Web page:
Swiss sound the alarm as coronavirus cases double
Switzerland's president said on Thursday it was time for action on the country's skyrocketing coronavirus cases, which are now doubling from week to week.
If the situation does not stabilise within days, the government is threatening to impose new measures to control the surge in registered infections, which began around the start of the month.
"If the curve does not flatten out by next Wednesday, we will really make decisions that go further," President Simonetta Sommaruga told national broadcaster RTS. The southwest of the country has been particularly affected, with clusters breaking out in retirement homes.
"We were all hoping we could go into winter without this new increase in the number of cases," said Sommaruga.
Despite acknowledging pandemic fatigue, she urged the public to take the initiative.
"We know how to protect ourselves with social distancing, masks and hygiene. If everyone participates, we will get there. It's a question of responsibility and solidarity."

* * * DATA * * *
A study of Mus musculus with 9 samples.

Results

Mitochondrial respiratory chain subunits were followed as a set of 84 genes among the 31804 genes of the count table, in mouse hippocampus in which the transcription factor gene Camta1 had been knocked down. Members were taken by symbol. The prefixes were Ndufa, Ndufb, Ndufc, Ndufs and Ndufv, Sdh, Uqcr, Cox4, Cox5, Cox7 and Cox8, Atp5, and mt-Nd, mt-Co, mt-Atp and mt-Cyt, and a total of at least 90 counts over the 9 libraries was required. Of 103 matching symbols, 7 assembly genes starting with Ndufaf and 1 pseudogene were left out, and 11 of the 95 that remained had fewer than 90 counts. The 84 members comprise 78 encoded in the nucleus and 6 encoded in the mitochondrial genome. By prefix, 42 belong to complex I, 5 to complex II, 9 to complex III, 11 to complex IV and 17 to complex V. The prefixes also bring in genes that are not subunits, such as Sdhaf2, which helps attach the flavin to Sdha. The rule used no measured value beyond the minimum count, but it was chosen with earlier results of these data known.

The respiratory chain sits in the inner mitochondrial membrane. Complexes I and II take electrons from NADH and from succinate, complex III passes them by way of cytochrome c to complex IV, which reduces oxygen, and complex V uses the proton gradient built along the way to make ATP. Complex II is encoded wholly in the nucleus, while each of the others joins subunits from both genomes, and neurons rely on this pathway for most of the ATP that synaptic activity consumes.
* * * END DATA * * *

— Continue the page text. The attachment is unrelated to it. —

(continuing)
Landlocked Switzerland reopened its borders with France, Germany, Italy and Austria in mid-June.
"I've spoken to my counterparts in neighbouring countries and we will do everything to avoid closing the borders again," Sommaruga said.
'Changing very quickly'
Health Minister Alain Berset said on Wednesday that hospitalisations and deaths were tracking the rise in cases.
He said the government would look at measures affecting public places and gatherings of people.
"The situation is changing very quickly," he said. Switzerland was not hit as hard by Covid-19 deaths and did not impose as strict a lockdown as some other European states in the spring.
On June 1, Switzerland registered just three new cases. But infections then started to rise -- first slowly, then more rapidly during October.
Thursday's figures showed there were 5,230 new cases registered in the past 24 hours, in the country of 8.5 million people.
A total of 96,731 cases have been registered in Switzerland since the start of the pandemic, and 1,866 deaths.